Change This New Setting If You Want To Keep Facebook Video From Being Really Annoying

Image courtesy of Facebook

Facebook just announced several tweaks to the way video will start performing on its service soon. However, in the name of enhancing “customer experience,” Facebook is adding one change that is likely to drive a significant number of users slightly crazy: Not only auto-playing videos, but making sure to do it with sound blaring.

That’s part of a slate of announcements Facebook made today. Among them are new apps for “couch side” devices, like your AppleTV and Amazon Fire TV, as well as better display framing for vertical video.

But right at the top, Facebook touts that it is about to make your news feed louder.

“Videos in News Feed have previously played silently — you tap on a video to hear sound,” Facebook explains.

But now, it’s changing its tactic. If your phone volume is on, videos in your Facebook feed will not only play automatically, but will have their sound on. Because everyone loves that so much when news websites and ads do it, right?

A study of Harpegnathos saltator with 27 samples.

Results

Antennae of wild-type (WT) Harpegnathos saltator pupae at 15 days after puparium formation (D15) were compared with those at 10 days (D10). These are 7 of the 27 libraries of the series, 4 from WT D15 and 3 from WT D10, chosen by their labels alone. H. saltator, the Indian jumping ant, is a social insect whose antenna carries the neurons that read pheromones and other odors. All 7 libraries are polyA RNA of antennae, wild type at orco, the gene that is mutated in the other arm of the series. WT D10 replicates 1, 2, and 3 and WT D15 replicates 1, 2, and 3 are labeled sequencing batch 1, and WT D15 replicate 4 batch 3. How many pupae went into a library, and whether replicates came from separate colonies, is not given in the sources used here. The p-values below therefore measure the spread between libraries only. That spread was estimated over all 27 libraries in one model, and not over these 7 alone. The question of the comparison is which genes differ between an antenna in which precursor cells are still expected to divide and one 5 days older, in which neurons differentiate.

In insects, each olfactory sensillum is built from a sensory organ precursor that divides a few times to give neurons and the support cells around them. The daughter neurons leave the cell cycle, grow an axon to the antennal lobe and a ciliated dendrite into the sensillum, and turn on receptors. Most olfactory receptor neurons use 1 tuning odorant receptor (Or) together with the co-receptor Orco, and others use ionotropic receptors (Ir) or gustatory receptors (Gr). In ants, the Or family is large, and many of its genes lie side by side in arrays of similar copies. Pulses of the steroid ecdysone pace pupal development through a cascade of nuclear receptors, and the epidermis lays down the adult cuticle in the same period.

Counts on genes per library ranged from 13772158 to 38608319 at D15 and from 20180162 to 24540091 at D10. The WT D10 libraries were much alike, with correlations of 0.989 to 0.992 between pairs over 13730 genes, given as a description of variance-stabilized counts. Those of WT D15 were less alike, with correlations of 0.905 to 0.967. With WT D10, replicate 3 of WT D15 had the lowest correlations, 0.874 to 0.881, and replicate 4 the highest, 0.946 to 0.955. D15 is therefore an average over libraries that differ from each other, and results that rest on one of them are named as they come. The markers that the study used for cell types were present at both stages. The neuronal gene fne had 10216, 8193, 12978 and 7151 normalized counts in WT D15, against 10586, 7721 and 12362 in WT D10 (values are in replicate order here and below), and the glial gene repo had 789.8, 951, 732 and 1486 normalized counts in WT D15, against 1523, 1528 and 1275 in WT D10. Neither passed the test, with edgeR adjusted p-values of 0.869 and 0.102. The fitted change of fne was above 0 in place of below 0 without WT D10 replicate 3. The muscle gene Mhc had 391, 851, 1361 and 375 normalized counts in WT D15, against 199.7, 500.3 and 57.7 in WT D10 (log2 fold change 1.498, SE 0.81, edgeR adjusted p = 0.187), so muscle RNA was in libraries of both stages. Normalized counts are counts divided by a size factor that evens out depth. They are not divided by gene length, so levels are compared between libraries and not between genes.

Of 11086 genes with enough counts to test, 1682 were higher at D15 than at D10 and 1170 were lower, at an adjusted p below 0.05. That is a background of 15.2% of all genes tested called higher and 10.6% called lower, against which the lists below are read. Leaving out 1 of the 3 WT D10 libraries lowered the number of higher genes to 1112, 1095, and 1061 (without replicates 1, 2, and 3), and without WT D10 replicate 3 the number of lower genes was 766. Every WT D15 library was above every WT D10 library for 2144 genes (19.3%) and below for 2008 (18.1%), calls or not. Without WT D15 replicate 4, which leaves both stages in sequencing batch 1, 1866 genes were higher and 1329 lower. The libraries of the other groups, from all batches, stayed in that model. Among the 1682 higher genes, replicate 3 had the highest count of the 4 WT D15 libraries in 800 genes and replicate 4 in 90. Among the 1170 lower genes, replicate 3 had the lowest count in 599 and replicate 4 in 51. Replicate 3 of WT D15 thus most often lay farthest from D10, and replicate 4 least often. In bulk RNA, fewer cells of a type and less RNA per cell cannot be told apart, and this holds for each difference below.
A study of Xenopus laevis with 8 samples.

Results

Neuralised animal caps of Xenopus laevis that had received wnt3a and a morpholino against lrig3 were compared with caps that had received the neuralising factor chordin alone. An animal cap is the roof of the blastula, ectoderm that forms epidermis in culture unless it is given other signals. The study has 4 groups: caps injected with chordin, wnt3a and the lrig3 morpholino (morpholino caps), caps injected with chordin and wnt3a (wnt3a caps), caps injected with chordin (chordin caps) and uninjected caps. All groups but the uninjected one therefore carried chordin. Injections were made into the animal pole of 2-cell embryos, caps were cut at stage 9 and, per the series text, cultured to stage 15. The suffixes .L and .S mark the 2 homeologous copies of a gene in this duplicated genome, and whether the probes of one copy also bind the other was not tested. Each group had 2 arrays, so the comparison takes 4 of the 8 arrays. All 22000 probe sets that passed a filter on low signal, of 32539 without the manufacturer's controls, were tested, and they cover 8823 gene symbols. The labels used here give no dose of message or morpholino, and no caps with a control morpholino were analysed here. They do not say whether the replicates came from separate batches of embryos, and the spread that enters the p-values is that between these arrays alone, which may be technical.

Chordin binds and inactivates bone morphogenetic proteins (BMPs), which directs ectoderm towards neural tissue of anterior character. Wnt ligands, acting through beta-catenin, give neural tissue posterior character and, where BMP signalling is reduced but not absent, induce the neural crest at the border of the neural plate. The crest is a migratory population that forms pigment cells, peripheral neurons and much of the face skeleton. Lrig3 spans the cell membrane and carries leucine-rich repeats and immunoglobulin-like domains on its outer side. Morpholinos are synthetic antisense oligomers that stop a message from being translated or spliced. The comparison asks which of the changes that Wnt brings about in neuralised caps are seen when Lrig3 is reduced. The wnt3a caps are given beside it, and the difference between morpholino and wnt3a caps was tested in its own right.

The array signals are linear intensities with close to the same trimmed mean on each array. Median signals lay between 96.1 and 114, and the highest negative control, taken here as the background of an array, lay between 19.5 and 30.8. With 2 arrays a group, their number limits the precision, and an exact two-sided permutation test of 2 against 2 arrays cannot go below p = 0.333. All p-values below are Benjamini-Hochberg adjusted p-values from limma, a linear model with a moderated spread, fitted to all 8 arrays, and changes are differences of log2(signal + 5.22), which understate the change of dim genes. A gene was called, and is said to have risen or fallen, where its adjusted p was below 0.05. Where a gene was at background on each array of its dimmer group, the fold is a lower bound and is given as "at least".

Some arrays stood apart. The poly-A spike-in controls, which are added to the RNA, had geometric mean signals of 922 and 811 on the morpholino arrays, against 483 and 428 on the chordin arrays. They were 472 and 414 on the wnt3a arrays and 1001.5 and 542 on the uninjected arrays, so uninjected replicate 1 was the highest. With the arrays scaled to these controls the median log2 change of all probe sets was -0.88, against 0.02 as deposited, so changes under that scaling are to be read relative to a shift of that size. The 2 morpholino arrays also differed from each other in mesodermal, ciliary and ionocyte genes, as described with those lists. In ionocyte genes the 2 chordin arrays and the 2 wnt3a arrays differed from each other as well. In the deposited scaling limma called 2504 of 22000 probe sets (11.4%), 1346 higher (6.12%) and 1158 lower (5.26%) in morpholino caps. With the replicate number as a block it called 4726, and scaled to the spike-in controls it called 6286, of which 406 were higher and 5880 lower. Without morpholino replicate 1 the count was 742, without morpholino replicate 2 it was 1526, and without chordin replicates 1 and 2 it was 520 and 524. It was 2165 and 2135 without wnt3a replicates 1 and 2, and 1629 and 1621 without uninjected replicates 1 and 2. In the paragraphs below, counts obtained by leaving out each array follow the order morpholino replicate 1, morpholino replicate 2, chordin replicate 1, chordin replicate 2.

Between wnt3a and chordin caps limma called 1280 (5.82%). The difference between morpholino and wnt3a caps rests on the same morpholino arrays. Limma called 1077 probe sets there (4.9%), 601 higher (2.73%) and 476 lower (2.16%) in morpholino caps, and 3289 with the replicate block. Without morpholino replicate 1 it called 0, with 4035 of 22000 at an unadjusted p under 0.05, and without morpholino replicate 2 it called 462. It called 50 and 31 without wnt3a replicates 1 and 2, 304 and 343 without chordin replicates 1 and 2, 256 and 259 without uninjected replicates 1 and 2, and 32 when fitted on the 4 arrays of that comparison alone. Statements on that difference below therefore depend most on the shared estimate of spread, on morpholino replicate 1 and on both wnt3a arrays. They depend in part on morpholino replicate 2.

Sound will also basically doppler in and out as you scroll through your news feed. When you get near one, the sound will fade in, and as you slide on past, it will fade out.

If your phone is set to silent, videos will not automatically play with sound, Facebook notes.

For what it’s worth, Facebook tells advertisers that in its user testing, 70% of folks who heard sound automatically play by default simply left it on. Luckily, for the other 30% of us, there are options.

If you want to be able to keep your phone volume on and not have whatever happens to be in your news feed announce itself to the room you’re in, here’s how you can disable that:

On Apple (iOS) devices, you can find the setting under Settings > Account Settings > Sounds, and then use the toggle to disable “Videos in News Feed Start With Sound.”

On Android devices, select “App Settings” and then scroll down to the toggle for “Videos in News Feed Start With Sound.”

(If you don’t see these options, the update hasn’t yet rolled out to you, but it will.)

And for that matter, if you just hate auto-play, or wish that it would stop eating up your phone’s data, you can disable that on Android and iOS, too.

Want more consumer news? Visit our parent organization, Consumer Reports, for the latest on scams, recalls, and other consumer issues.